Friday, September 02, 2016

Microservices and distribution

OK so following on from my previous article on inferring the presence of microservices within an architecture, one possibility would be to view the network traffic. Of course it's no guarantee, but if you follow good microservices principles that are defined today, typically your services are distributed and communicating via HTTP (OK, some people say REST but as usual they tend to mean HTTP). Therefore, if you were to look at the network traffic of an "old style" application (let's not assume it has to be a monolith) and compare it with one that has been re-architected around microservices, it wouldn't be unreasonable to assume that if you saw a lot more HTTP requests flowing then microservices are being used. If the microservices are using some other form of communication, such as JMS, then you'd see something equivalent but with a binary protocol.

We have to recognise that there are a number of reasons why the amount of network traffic may increase from one version of an application to another, so it could be the case that microservices are not being used. However, just as Rutherford did when searching for the atomic nucleus and which all good scientists follow, you come up with a theory that fits the facts and revise it when the facts change. Therefore, for simplicities sake, we'll assume that this could be a good way to infer microservices are in place if all other things remain the same, e.g., the application is released frequently, doesn't require a complete re-install/re-build of user code etc.

Now this leads me to my next question: have you, dear reader, ever bothered to benchmark HTTP or any distributed interaction versus a purely local, IPC, interaction? I think the majority will say Yes and of those who haven't the majority will probably have a gut instinct for the results. Remote invocations are slower, sometimes by several orders of magnitude. Therefore, even ignoring the fault tolerance aspects, remote invocations between microservices are going to have a performance impact on your application. So you've got to ask: why am I doing this? Or maybe: at what point should I stop?

Let's pause for a second and look back through the dark depths of history. Back before the later 19th Century/early 20th Century, before electrification of factories really took off, assembling a product from multiple components typically required having those components shipped in from different parts of the country or the world. It was a slow process. If something went wrong and you got a badly built component, it might prevent assembly of the entire product until a new version had been sourced.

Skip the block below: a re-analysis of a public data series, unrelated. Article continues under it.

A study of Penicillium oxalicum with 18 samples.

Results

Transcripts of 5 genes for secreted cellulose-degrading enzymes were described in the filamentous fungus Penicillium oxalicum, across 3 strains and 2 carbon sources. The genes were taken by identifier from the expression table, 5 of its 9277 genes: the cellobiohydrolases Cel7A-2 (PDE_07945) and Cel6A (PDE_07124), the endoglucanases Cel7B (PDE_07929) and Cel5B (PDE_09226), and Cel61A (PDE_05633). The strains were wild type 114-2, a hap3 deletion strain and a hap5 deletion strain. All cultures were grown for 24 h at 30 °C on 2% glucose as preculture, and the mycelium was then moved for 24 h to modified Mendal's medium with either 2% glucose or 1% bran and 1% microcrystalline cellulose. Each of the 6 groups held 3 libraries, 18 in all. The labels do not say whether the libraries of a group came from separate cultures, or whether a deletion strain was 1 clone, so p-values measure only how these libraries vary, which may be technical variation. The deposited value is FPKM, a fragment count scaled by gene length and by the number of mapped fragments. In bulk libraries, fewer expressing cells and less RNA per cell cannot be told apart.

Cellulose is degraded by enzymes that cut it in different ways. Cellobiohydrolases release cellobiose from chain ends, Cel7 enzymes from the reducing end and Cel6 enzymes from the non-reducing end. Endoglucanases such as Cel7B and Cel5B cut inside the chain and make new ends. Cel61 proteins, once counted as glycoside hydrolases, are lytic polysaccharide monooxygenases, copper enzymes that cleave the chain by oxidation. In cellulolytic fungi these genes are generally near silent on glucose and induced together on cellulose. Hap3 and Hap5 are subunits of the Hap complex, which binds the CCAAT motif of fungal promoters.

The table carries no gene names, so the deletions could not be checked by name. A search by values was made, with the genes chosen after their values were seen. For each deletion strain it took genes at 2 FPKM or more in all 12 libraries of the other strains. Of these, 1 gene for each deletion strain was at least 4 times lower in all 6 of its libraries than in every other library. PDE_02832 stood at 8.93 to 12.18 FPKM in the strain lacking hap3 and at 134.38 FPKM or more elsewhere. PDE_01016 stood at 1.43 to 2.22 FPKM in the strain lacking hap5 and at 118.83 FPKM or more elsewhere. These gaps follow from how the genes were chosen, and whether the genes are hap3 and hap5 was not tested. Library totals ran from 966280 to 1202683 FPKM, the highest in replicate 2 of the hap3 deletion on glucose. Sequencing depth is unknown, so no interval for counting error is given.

In the intervening years some factories stayed with this model (to this day), whereas others moved to a production factory process whereby all of the pieces were built on site. Some factories became so large, with their constituent pieces being built in their own neighbouring factories that cities grew up around them. However, the aim was that everything was built in one place so that mistakes could be rectified much more quickly. But are these factories monoliths? I'm not so sure it's clear cut simply because some of the examples I know of factories like this are in the Japanese car industry which has adapted to change and innovation extremely well over the years. I'd say these factories matured.

Anyway, let's jump back to the present day but remembering the factory example. You could imagine that factories of the type I mentioned evolved towards their co-located strategy over years from the distributed interaction approach (manufacturers of components at different ends of the planet). They managed to evolve because at some point they had all of the right components being built but the impediment to their sales was time to market or time to react. So bringing everything closer together made sense, Once they'd co-located then maybe every now and then they needed to interact with new providers in other locations and if those became long term dependencies they probably brought them "in house" (or "in factory").

How does this relate to microservices and the initial discussion on distributed invocations? Well whilst re-architecting around microservices might help your application evolve and be released more frequently, at some point you'll need to rev the components and application less and less. It becomes more mature and the requirements for change drop off. At that stage you'd better be asking yourself whether the overhead of separate microservices communicating via HTTP or even some binary protocol, is worth it. You'd better be asking yourself whether it's not better to just bring them all "in house" (or in process) to improve performance (and probably reliability and fault tolerance). If you get it wrong then of course you're back to square one. But if you get it right, that shouldn't mean you have built a monolith! You've just built an application which does it's job really well and doesn't need to evolve much more.